Hole in the Rock (3-days, Sat-Sun-Mon)
Our use of this famous and historic Mormon Trail starts about 150 miles from Moab and includes two nights of camping (in the same campsite). The off-highway portion begins and ends near Halls Crossing on Utah Highway 276 and travels to within a couple of miles of the pioneer crossing of the Colorado River (now Lake Powell). A large group of Mormon settlers in wagons used some of this route on a journey from Escalante to Bluff, a trip they expected to take six weeks but actually took six months. It is an amazing expanse of open country.
This is a full two night campout experience - bring a tent, sleeping bag, food, water, toilet paper, shovel etc. No glass containers on the trail and be sure if you pack it in, be prepared to pack it out (trash). Be sure you have a spare tire for your vehicle.
The nearby country is a sea of weathered Navajo Sandstone. If any southern Utah scenes inspire awe, the overview of the Great Bend of the San Juan River has to be on the list. Navajo Mountain is in constant view throughout the distant part of the trail.
Just imagining a group of settlers with horses and wagons trying to cross this terrain is a highlight.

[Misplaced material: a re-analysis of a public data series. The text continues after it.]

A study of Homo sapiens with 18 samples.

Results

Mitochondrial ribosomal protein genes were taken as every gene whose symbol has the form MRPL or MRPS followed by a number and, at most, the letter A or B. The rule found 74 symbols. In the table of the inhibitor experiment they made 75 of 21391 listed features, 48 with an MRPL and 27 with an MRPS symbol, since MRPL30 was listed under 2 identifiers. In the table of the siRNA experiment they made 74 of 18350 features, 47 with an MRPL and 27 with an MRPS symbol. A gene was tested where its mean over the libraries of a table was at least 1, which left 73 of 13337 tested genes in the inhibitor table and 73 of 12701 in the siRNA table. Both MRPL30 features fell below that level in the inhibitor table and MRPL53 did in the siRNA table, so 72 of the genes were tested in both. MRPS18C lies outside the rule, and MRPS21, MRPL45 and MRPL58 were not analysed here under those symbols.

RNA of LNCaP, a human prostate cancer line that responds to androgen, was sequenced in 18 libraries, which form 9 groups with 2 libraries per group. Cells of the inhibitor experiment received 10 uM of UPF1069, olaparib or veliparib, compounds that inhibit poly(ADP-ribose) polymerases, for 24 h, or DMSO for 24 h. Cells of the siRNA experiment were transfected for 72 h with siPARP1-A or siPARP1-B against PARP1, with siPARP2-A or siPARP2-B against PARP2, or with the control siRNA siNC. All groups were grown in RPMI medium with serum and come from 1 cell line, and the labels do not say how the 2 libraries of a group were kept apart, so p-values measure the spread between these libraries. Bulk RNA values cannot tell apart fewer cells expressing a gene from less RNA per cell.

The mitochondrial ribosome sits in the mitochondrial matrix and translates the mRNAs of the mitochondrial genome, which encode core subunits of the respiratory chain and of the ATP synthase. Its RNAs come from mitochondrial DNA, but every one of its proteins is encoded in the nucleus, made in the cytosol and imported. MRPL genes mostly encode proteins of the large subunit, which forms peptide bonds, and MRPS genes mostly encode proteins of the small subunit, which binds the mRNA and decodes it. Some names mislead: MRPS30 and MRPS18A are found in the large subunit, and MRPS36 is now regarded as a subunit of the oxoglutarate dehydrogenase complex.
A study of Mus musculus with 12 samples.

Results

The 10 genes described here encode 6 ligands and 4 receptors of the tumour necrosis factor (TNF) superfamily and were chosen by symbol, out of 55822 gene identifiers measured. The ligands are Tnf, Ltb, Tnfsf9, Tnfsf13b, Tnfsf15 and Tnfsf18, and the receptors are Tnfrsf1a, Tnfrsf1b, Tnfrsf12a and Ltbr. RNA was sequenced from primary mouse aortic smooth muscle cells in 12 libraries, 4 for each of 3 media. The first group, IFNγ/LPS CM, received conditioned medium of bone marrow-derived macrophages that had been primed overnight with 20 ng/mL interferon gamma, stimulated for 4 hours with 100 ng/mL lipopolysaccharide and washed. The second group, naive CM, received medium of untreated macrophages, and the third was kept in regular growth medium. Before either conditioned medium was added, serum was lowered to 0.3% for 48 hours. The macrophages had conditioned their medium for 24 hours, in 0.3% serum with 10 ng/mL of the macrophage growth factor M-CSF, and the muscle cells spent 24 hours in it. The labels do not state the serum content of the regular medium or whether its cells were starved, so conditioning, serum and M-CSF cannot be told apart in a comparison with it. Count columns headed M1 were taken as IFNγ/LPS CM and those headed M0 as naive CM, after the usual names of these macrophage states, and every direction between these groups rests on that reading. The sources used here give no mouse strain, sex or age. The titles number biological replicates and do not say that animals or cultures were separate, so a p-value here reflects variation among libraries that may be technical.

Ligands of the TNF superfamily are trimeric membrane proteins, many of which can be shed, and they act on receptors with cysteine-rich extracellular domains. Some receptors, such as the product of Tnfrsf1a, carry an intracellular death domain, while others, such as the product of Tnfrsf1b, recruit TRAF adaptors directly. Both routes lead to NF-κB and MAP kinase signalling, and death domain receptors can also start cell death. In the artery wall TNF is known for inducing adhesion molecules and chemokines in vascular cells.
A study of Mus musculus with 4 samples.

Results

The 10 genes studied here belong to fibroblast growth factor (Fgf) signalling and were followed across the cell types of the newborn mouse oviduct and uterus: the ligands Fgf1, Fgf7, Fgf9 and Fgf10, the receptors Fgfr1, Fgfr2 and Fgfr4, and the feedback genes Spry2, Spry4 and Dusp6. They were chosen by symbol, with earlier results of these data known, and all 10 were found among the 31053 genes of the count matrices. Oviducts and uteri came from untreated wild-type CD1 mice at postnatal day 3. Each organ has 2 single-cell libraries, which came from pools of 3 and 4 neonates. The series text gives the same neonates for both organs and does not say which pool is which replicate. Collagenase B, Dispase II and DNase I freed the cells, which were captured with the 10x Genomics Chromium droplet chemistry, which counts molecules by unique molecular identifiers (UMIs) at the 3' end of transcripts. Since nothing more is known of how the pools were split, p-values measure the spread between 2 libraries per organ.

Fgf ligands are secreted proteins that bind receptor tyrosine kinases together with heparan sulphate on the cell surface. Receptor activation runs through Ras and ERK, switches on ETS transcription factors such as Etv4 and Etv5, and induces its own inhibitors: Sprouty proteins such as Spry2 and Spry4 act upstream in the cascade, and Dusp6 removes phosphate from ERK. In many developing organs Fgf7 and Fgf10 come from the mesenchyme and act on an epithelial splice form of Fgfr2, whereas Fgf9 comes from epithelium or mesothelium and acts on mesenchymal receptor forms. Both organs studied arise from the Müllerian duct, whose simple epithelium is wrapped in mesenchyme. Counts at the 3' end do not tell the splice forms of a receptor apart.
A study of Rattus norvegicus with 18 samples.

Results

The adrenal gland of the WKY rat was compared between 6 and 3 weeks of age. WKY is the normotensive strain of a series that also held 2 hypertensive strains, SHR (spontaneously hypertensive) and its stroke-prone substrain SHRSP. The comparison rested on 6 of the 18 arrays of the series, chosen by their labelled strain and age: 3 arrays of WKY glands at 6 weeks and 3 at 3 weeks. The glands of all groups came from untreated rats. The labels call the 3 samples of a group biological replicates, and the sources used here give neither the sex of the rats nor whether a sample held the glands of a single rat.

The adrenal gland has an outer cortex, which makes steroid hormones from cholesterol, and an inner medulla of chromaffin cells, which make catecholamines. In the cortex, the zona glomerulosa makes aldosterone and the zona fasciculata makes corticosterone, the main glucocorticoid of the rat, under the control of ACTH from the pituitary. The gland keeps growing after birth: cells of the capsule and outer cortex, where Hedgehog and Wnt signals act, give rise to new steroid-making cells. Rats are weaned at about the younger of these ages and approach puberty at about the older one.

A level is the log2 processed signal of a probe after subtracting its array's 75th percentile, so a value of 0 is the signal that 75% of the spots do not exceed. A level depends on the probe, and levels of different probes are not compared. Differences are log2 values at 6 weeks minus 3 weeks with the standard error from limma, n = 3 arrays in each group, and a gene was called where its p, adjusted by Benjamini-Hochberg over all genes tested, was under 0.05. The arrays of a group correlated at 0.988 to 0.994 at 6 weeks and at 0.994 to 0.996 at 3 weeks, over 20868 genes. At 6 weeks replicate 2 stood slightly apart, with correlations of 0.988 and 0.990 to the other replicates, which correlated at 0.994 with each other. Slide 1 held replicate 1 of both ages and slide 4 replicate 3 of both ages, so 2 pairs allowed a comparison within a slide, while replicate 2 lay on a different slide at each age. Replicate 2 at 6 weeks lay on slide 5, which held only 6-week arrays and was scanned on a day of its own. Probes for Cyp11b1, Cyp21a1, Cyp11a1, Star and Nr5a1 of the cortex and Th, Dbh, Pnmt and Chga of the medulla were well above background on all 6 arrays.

Most of the route is on sandstone, either in its slickrock form or its weathered and wind-blown sand grains.
The approach to, and ascent of, Grey Mesa is challenging. The slickrock channel called the Chute and the canyons beyond are the most difficult parts. A book written about the Mormon expedition is helpful to have read before the trip, and brought along for reference; it adds the historic highlight to the trip.
Because of the trail’s remoteness, a fuel fill is recommended. The off-highway drive is only about 60 miles round trip but the start is about 75 miles from Blanding and 12 miles short of Halls Crossing. The meeting place is optional. Moab departures will be from Nations Towing at 8:00 a.m. on the first day of the trip. A secondary departure rendezvous about noon at the Calvin Black airport at Halls Crossing is recommended for those who are coming from the south or who have trouble maintaining a good highway speed.
Remember, the country is remote, dry, and unforgiving.